February 3, 2014 09:58AM
By LESLIE ROVETTI
Sun Staff Writer
A decade-old controversy over a Westerly water tower’s lead paint has led to a study that recommends changes in how state agencies take soil samples when checking for lead contamination.
The study, conducted by scientists from Brown University and the University of Rhode Island, indicated that soil contaminated with lead paint can be mislabeled as lead-free 13 percent of the time when only surface soil is tested. The state Department of Health tests surface soils. Department of Environmental Management protocols, however, use deep soil testing and were able to identify contaminated properties that could be missed using only surface testing.
The controversy, as described in the study, began in September 2003 when town officials announced that they would be replacing the 70-year-old water tower on Winnapaug Road. According to state regulations, the process required the town to investigate whether the land around the tower had any lead contamination. In Rhode Island, water towers were covered in lead paint up until 1978. The town learned of the contaminated soil in January, but residents weren’t told until a few months later. Some residents were upset, saying they feared for the health of their families and the value of their properties.
“The relationship between town officials and the residents quickly became adversarial,” the study authors wrote.
Later that year, similar problems were discovered near the Tower Street water tank. That contamination likely occurred when the tank, and its lead-based paint, was sandblasted in 1986, according to John Pratt, who was the town engineer.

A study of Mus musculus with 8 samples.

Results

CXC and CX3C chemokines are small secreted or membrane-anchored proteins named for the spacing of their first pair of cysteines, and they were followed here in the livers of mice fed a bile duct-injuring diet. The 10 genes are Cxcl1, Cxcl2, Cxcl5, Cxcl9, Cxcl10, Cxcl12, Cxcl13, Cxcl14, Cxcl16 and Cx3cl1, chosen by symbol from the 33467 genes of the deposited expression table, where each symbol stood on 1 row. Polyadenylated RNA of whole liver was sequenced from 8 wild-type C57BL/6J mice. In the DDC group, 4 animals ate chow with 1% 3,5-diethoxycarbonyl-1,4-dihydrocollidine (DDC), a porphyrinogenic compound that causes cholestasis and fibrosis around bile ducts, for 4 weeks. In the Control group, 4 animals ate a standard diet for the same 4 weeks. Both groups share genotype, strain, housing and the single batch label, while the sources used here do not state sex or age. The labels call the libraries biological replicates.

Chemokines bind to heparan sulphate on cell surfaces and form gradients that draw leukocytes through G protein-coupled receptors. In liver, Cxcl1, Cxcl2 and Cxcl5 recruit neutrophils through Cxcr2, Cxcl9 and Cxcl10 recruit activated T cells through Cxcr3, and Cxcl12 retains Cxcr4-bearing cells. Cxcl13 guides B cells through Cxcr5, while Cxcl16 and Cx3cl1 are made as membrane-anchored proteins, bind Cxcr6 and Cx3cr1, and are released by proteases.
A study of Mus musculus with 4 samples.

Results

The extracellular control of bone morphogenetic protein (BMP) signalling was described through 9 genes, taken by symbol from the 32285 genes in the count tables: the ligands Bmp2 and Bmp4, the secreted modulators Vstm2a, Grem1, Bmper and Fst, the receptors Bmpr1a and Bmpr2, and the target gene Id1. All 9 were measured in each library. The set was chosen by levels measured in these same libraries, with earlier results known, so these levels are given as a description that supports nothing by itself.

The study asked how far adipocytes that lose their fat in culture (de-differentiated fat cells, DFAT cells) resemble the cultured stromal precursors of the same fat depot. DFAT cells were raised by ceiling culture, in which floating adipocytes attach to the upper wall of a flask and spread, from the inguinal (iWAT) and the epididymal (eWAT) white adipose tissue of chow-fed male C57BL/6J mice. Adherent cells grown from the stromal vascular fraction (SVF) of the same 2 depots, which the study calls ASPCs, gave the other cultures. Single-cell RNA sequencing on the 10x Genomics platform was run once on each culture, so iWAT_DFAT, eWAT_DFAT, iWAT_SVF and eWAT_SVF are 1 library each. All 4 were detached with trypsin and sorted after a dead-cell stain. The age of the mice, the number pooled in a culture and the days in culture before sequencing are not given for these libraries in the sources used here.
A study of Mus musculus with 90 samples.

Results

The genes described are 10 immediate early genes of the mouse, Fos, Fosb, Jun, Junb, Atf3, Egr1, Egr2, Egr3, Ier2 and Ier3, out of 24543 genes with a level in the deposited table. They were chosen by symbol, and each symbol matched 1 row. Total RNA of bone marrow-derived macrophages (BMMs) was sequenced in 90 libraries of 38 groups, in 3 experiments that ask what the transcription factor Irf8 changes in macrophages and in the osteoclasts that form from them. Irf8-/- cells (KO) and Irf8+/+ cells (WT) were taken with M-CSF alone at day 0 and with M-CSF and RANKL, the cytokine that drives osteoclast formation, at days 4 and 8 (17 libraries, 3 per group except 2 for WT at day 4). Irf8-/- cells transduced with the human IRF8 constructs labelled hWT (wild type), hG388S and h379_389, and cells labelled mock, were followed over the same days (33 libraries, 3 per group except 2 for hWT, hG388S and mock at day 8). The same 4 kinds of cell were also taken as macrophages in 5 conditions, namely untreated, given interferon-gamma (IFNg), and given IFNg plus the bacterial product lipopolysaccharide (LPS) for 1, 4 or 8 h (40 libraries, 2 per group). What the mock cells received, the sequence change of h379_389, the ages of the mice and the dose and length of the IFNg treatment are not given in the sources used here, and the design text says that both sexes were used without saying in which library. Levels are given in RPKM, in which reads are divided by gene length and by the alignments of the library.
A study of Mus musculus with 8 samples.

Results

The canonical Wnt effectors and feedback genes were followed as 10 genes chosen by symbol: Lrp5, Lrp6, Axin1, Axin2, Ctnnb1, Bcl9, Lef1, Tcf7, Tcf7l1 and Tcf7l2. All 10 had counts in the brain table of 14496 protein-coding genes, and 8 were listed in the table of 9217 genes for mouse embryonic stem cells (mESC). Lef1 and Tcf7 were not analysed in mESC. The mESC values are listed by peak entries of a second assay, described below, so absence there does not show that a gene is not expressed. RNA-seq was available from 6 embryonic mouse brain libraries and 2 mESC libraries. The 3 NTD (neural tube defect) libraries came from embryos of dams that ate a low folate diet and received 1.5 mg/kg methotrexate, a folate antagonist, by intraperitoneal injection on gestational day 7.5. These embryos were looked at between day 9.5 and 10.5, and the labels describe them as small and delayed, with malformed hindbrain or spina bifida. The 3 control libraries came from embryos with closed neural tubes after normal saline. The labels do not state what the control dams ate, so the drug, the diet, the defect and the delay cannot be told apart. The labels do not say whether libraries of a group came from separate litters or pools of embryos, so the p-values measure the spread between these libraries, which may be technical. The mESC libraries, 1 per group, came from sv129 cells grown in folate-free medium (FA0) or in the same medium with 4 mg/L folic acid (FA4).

Months of testing and remediation followed, and residents questioned the state’s testing procedures. The study authors noted that the contaminated soil surrounding the Winnapaug Road tank had been removed by 2007. In 2008, the town bought a portion of one neighboring property and paid damages to another. The authors referenced a 2009 article in The Westerly Sun reporting that negotiations with property owners and remediation work were still ongoing. By July 2012, a final report was submitted to the DEM.
The two departments involved, the Department of Health and the Department of Environmental Management, used differenct methods of soil analysis. This study was an attempt to resolve this inconsistency.
The study authors, Marcella Remer Thompson, Andrea Burdon, and Kim Boekelheide, looked at soil samples from 31 residential properties adjacent to six different water towers in Rhode Island, and had access to data from 498 soil core samples. They found that sampling only surface soil could miss contamination deeper in the ground.
Although they wrote that additional study was needed, they suggested that the state change the Department of Health soil-sampling regulations, and standardize its testing methods across agencies. Although the health department’s regulations were created using scientific research, the results didn’t hold up in practice, they wrote.
The study, “Practice-based evidence informs environmental health policy and regulation: A case study of residential lead-soil contamination in Rhode Island,” was published in the journal Science of the Total Environment.
The authors cited articles in The Westerly Sun by reporters Gloria Russell and Emily DuPuis as part of the case study.